What Currencies Can You Trade in the Forex Market?

Source: Flickr/Jeaneeem
It is natural for forex traders to wonder if there is more to currency pairs than the most commonly traded ones. For example, could you trade the Estonia kroon against the Malagasy ariary (Madagascar’s currency)?

Generally speaking, the currency of any existing nation can be traded through a large broker. By extension, this means that a trade can be set up between two currencies, but it will likely need a major currency to set up the position - in this case, trade the kroon and the ariary using the U.S. dollar as an intermediary - which brings another element into the trade that keeps it from being a pure trade on the two target currencies.

The commonly traded currencies are split into three groups: majors, minors and crosses.

Major Forex Currencies

The most traded currencies are:

Major Currency Pairs

These currencies are paired together to create the group of currency pairs called the majors. These are:

  • Euro/U.S. dollar (EUR/USD)
  • U.S. dollar/Japanese yen (USD/JPY)
  • British pound/U.S. dollar (GBP/USD)
  • U.S. dollar/Swiss franc (USD/CHF)
  • Australia dollar/U.S. dollar (AUD/USD)
  • U.S. dollar/Canadian dollar (USD/CAD)

The AUD/USD and the USD/CAD are sometimes referred to as commodity pairs with the New Zealand dollar/U.S. dollar pair (NZD/USD).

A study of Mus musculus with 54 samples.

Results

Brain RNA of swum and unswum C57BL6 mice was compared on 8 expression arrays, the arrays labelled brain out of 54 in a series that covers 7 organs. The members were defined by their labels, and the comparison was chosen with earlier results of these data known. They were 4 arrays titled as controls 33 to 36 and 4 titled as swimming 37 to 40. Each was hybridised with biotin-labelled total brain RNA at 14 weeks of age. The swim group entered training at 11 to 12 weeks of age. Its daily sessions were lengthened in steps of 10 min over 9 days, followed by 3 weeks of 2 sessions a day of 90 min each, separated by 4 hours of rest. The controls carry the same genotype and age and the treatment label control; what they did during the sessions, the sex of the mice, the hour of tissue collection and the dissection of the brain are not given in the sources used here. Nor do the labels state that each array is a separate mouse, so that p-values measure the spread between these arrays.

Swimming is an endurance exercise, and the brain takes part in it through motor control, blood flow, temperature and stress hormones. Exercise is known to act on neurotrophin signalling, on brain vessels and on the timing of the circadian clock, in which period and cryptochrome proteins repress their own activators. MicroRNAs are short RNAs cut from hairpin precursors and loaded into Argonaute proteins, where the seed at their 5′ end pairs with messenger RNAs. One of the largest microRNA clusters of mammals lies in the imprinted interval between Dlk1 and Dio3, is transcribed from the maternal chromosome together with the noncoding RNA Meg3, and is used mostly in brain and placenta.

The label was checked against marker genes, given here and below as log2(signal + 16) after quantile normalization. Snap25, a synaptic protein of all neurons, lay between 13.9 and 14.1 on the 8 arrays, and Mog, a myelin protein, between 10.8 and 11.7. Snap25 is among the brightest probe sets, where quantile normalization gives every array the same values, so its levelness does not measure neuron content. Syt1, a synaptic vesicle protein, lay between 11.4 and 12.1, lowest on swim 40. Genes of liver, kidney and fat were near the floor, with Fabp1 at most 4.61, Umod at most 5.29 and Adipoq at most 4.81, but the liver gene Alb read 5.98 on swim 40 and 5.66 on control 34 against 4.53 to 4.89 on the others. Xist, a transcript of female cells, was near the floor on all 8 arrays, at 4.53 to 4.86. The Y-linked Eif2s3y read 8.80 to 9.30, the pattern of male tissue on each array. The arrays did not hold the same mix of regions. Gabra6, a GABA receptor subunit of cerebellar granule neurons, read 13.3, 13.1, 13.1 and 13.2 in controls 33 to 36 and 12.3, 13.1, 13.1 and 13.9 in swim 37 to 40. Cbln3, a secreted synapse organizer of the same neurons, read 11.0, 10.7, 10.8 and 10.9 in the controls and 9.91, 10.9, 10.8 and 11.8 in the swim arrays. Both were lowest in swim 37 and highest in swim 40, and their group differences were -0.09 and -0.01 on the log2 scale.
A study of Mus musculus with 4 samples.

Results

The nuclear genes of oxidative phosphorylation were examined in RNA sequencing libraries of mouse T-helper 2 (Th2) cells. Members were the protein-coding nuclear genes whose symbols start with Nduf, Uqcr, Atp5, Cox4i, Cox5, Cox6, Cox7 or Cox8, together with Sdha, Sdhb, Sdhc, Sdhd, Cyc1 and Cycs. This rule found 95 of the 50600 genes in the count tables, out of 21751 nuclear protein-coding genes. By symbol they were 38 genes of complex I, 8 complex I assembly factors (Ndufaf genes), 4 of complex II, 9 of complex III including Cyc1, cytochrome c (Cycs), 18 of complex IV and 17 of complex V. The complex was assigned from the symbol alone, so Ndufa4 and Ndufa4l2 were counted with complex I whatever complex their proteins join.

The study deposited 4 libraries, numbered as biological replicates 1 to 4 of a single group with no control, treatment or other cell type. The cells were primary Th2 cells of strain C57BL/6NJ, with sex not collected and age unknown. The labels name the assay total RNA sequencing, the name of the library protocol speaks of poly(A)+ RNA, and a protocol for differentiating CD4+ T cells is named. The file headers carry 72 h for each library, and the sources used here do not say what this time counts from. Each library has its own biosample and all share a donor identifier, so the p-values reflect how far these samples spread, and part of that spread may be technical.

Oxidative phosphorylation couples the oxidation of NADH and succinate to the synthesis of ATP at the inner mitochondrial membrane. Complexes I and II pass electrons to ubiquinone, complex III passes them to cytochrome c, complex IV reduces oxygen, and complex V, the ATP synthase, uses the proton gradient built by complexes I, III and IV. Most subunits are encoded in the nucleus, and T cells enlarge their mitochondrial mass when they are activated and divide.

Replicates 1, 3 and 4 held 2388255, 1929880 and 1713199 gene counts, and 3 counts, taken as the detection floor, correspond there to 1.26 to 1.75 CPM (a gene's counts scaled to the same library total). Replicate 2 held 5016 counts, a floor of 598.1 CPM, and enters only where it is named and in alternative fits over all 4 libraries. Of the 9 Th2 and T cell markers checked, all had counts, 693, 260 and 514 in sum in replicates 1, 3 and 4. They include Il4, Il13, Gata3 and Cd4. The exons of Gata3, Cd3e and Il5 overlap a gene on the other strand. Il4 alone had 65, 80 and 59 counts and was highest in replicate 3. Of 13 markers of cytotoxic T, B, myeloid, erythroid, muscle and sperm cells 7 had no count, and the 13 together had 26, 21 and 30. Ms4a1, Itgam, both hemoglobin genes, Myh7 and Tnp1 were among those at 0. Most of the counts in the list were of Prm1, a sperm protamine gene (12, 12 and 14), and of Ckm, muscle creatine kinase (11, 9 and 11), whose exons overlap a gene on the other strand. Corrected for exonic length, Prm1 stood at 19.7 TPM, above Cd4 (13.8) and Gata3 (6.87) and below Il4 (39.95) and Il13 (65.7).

Minors/Exotic Currency Pairs

In fact the NZD/USD is sometimes included among the majors, sometimes among the minors. The minors is a category that includes any currency outside of the most traded currencies we started with (again, the NZD is a bit of a enigma). These currencies are often paired and traded against the USD. Some of the minors that are from developing or emerging economies are referred to as exotics rather than minors, but the definition is the same.

The list of minors is huge, but some commonly traded ones include:

  • U.S. dollar/South African rand (USD/ZAR)
  • U.S. dollar/Mexican peso (USD/MXN)
  • U.S. dollar/Singapore dollar (USD/SGD)
  • New Zealand dollar/U.S. dollar (NZD/USD)
  • U.S. dollar/Turkish lira (USD/TRY)

Exotics may also trade against the euro or another major, as in (EUR/TRY)

Cross Currency Pairs

Crosses are major currency pairings that don’t involve the U.S. dollar. These are also referred to as cross currency pairs, and they include:

  • Australian dollar/Canadian dollar (AUD/CAD)
  • Australian dollar/Japanese yen (AUD/JPY)
  • Australian dollar/New Zealand dollar (AUD/NZD)
  • Swiss franc/Japanese yen (CHF/JPY)
  • Euro/Australian dollar (EUR/AUD)
  • Euro/Canadian dollar (EUR/CAD)
  • Euro/Swiss franc (EUR/CHF)
  • Euro/British pound (EUR/GBP)
  • Euro/Japanese yen (EUR/JPY)
  • British pound/Swiss franc (GBP/CHF)
  • British pound/Japanese yen (GBP/JPY)

Keeping It Simple

The major currency pairs and the cross currency pairs make up the vast majority of all forex trading. This means there are less than 20 pairs being traded in any large amounts. The advantage of sticking to these pairs is that they are liquid, so a trader experiences very little slippage or execution risk. That said, if you want to get in on the Estonian kroon, the forex market isn’t going to stop you - for your own good, however, make sure to consider liquidity issues when you are measuring the risks against the rewards of trading exotic currencies. (For more about risk and currency trading, check out Risk Management Basics for Forex Traders.)